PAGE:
Did Streamlining Government Purchasing Crowd Out Bidders?
April 1, 2002
The federal government bought more than half its products and services last year without bidding or with practices auditors say do not fully shop the marketplace, an Associated Press analysis of contracting records finds.
Efforts to cut red tape as part of the "reinventing government" campaign may have gone too far -- inviting new risks of fraud, contracting experts and watchdog specialists contend. The present defense build up and a lack of safeguards has prompted University of Baltimore law professor Charles Tiefer -- an expert on contractor abuses -- to predict that scandals are coming.
- The government bought $123 billion of its $230 billion worth of goods and services 2001 without bids or with methods auditors say are frequently used to bypass competition.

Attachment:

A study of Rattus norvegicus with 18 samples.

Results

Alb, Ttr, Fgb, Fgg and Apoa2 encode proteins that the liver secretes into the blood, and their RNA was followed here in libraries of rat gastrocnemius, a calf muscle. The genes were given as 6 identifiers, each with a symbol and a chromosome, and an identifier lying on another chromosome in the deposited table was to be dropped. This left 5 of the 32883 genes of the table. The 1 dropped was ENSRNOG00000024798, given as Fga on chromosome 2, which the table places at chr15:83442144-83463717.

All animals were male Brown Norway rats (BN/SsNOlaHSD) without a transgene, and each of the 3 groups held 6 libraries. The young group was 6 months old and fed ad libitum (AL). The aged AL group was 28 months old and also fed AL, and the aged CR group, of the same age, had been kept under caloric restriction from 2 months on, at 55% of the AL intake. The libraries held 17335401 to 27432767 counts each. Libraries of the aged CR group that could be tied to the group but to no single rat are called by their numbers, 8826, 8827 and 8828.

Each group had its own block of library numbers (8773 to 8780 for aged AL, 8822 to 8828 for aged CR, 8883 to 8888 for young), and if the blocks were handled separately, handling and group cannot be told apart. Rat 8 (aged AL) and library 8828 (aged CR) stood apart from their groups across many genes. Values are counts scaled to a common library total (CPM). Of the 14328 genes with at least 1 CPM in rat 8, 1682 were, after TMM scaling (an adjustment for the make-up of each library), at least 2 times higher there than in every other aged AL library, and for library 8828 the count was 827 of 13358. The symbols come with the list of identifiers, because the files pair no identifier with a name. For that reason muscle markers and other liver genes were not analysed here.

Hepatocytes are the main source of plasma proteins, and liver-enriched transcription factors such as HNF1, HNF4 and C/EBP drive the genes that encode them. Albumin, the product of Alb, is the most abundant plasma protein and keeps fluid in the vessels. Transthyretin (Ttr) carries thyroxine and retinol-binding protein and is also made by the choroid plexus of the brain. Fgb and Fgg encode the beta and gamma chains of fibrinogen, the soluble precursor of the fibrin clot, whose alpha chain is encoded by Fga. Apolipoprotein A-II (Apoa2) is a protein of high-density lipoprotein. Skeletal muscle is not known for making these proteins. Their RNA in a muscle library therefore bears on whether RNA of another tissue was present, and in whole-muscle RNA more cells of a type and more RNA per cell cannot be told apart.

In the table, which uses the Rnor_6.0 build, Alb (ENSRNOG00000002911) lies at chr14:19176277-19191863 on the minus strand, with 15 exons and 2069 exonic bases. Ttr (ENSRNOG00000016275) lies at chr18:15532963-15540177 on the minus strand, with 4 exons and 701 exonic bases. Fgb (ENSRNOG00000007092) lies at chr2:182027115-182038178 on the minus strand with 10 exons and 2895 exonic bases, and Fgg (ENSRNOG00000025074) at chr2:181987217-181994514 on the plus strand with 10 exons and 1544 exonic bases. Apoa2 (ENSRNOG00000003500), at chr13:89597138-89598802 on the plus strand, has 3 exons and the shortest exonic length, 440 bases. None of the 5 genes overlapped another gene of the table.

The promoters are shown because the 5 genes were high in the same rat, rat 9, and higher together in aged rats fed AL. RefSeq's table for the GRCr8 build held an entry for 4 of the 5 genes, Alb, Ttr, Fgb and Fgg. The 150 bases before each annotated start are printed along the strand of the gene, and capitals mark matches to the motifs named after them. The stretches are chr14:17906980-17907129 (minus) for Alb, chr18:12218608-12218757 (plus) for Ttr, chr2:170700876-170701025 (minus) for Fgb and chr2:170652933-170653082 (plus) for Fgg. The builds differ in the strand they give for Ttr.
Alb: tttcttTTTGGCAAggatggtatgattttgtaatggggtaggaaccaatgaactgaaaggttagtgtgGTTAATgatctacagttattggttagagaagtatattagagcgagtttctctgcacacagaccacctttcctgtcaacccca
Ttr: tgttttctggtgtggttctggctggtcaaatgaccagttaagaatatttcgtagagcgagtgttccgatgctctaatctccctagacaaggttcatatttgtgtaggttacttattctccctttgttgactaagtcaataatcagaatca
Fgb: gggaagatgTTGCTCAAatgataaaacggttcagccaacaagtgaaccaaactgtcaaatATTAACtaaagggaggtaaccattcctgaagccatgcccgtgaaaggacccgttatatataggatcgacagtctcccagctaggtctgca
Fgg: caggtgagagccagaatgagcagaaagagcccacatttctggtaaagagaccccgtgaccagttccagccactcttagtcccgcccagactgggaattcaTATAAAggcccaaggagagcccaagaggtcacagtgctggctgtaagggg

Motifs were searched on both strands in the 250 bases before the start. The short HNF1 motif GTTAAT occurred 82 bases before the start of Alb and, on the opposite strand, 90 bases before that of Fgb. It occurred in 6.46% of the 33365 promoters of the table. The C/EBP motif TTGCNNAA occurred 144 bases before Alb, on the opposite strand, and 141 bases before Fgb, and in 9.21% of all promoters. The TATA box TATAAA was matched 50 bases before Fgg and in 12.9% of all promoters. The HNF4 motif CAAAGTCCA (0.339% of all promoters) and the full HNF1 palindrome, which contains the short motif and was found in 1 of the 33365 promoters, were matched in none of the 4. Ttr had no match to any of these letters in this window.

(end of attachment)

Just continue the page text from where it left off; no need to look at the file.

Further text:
- Such procedures were used to buy everything from computers and office supplies to background investigations and educational services.
- A Pentagon review revealed that prices paid for commercially available spare parts bought without competition increased more than twice as fast between 1993 and 2000 -- as did prices for similar parts purchased competitively.
- At the Department of Education last year, auditors demanded repayment of 80 percent of the $9.7 million in federal money spent under a contract the Puerto Rico Department of Education awarded without competition for the operation of elementary school learning centers.
Source: Associated Press, "Government Eyed for Shirking Market," Washington Times, April 1, 2002.